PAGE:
Martin Luther King Jr.Martin Luther King Jr.

MLK Day birthday celebration Jan. 15, 2024The auditorium stage on a frigid Monday night. / Jessie Castellano photo

UPDATED Jan. 24: The doors of Arlington Town Hall opened at 6 p.m. Monday, inviting all to celebrate Martin Luther King Jr.’s life and work in a ceremony filled with the power of community, acknowledgement of  history and the music of local teens.

“The Martin Luther King Jr. Birthday Observance Committee of Arlington has been dedicated to upholding the values and the legacy of the civil rights leader through this yearly celebration right here in town and by supporting local progressive initiatives since 1989,” said Crystal Haynes Copithorne, mistress of ceremonies of the event and chair of the Martin Luther King Jr. Birthday Observance Committee.

She welcomed nearly 200 guests as she spoke about the history of the event, the 36th annual celebration. In between speakers, the Ottoson Middle School eighth-grade chorus and the Arlington High School Honors String Musicians performed on stage for the audience.

ACMi video of Jan. 15 MLK observance:
MLK Day in Arlington: a yearly event

The observance, which has become an annual tradition each January, was spearheaded by the Arlington Interfaith Association, explained Haynes Copithorne, highlighting the spirituality behind it. She then introduced Rabbi Cari Bricklin-Small of Temple Shir Tikvah in Winchester to present the invocation; with King’s ‘I Have a Dream’ speech, Bricklin-Small said, people can recognize a dream as a first step. 

After the empowering opening remarks, Pearl P. Morrison, a longtime member of the committee, spoke about her experiences and the work of the committee -- and urged audience members to donate to it  in person or via GoFundMe, to support youth scholarships.

“Our funds absolutely go back to the work we do in the community,” said Haynes Copithorne, who shared the stories of Aiyanna Canty and Hanysabel Daniel, two Arlington High School students who won the 2023 African-American Society of Arlington Scholarship Award, which is sponsored by the annual birthday celebration. The scholarships helped these students purchase necessities for the school year.

The late Paul Parravano honored

The committee also honored a special community member whom they believed embodied King’s legacy. The outstanding achievement honor was awarded to the late Paul Parravano, a former co-director of the Office of Government and Community Relations at MIT and a longtime advocate for all those with disabilities both there and in Arlington. The award was accepted by his wife and children.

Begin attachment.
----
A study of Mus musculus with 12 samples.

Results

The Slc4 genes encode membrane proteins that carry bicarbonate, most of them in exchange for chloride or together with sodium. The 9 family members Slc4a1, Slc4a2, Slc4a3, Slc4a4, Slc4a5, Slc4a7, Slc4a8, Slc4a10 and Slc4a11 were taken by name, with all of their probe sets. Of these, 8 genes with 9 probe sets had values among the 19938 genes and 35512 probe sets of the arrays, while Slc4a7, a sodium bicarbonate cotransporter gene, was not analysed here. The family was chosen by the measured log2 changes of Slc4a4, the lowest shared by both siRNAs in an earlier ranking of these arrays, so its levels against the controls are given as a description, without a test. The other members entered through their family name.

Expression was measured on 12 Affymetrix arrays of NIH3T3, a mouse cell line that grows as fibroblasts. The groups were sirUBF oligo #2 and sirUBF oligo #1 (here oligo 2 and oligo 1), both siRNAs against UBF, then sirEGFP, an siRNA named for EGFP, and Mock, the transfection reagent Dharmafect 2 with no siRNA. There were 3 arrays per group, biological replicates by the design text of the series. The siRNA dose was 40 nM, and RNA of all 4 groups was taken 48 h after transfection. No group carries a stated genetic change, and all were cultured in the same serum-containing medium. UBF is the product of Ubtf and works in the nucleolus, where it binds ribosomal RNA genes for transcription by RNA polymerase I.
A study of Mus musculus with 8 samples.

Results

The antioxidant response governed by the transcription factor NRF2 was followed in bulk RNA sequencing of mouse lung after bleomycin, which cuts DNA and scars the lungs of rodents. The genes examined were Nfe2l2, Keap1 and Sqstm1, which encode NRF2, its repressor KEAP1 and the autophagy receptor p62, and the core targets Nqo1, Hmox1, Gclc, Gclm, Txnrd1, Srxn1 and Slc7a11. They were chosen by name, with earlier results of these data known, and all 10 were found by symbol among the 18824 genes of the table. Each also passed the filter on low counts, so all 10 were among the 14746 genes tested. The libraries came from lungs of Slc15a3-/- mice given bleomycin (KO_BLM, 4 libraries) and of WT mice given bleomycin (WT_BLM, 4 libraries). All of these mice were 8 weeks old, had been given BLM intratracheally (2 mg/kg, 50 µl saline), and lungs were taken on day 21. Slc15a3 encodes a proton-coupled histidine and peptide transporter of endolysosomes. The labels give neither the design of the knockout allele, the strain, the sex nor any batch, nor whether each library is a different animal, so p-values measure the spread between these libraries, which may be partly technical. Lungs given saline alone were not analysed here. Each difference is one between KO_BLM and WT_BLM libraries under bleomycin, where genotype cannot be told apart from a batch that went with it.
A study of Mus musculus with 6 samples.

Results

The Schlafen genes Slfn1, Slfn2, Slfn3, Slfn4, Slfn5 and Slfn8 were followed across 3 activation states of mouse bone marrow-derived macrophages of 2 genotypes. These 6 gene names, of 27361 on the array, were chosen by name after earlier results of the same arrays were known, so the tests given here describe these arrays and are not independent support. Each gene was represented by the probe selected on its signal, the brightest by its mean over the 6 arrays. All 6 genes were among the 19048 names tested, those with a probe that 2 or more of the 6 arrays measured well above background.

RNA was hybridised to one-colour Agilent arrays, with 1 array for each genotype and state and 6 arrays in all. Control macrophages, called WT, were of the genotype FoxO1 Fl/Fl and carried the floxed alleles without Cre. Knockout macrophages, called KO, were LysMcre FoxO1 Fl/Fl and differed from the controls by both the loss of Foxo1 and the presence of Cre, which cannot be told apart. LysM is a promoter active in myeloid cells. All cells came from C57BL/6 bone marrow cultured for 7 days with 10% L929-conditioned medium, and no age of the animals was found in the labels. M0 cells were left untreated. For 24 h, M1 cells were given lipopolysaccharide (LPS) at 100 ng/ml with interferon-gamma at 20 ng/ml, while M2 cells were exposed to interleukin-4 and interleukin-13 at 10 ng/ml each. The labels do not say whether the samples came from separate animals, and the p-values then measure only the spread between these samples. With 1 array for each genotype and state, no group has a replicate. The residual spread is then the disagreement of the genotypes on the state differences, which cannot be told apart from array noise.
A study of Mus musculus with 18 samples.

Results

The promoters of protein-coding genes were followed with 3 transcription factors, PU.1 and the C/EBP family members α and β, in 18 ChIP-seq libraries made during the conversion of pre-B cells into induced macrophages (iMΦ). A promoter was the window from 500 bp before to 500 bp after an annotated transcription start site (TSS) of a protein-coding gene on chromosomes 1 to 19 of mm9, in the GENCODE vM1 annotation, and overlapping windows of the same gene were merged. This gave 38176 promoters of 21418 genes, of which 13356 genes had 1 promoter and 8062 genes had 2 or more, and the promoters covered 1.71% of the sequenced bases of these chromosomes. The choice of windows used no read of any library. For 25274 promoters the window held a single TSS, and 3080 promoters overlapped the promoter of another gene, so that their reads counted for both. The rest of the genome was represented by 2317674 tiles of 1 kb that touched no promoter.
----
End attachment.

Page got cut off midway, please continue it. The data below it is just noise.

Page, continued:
Jillian Harvey, Arlington’s diversity, equity and Inclusion division director and vice chair of the committee, introduced the keynote speaker, the Rev. Rahsaan Hall, who has received much recognition for his work.

Hall spoke about what celebrating King’s birthday meant to him.

“I’ve gotta say that celebrations honoring the life of Dr. King can be challenging to deal with,” said Hall. “As a civil rights advocate, a minister of the gospel and as a black man, I must admit that it can be challenging to celebrate a portion of a man who represented a whole movement of oppressed people fighting for freedom and justice.”

Hall, a minister, attorney and president/CEO of the Urban League of Eastern Massachusetts, has made a lifelong commitment to civil rights and continues to champion efforts toward helping communities overcome racial and social barriers.

He noted that he had just recently traveled to Montgomery, Ala., the site of many key events of the beginning of the American civil rights movement -- and spoke about disparities in today’s society.

“When we live in a world where democracy is under attack, books are being banned and the teaching of the history of what Dr. King and so many others were struggling to change is considered indoctrination, we are in need of leaders,” he said.

'Bread for the journey'

Hall concluded his address by discussing what he calls “bread for the journey,” a journey to a racially just nation. “We must journey to a land that embraces the entirety of our experiences and tells the truth about who we have been,” he said. “You and I can work together in telling the truth. And in order to do that, we must have bread for the journey.” 

Following Hall’s speech, the crowd awarded him a standing ovation. The student musicians returned to the stage to lead an interactive Anthem of Freedom, to which the entire room was invited to sing along. 

After the performance, the Rev. Leah Lyman Waldron of Park Avenue Congregational Church took the stage to deliver the benediction, bringing the hour-and-a-half program to a close.

Meanwhile, a different event occurred 

As people inside Town Hall listened to the MLK Day speakers, dozens of others gathered outside in front of the building between approximately 6:30 and 7:30 p.m. for a demonstration demanding a ceasefire in the Israel-Hamas conflict. A female participant interviewed in the video repeatedly accused Israel of genocide, a viewpoint not shared by major Western powers

 Protest outside Town Hall on Jan. 15:

 Jan. 1, 2023: 35th MLK observance held at Town Hall, featuring Boston's NAACP president


This story and photograph by YourArlington freelancer Jessie Castellano, a graduate student at Northeastern University, was published Jan. 16, 2024. It was updated Jan. 24, to add two ACMi video windows.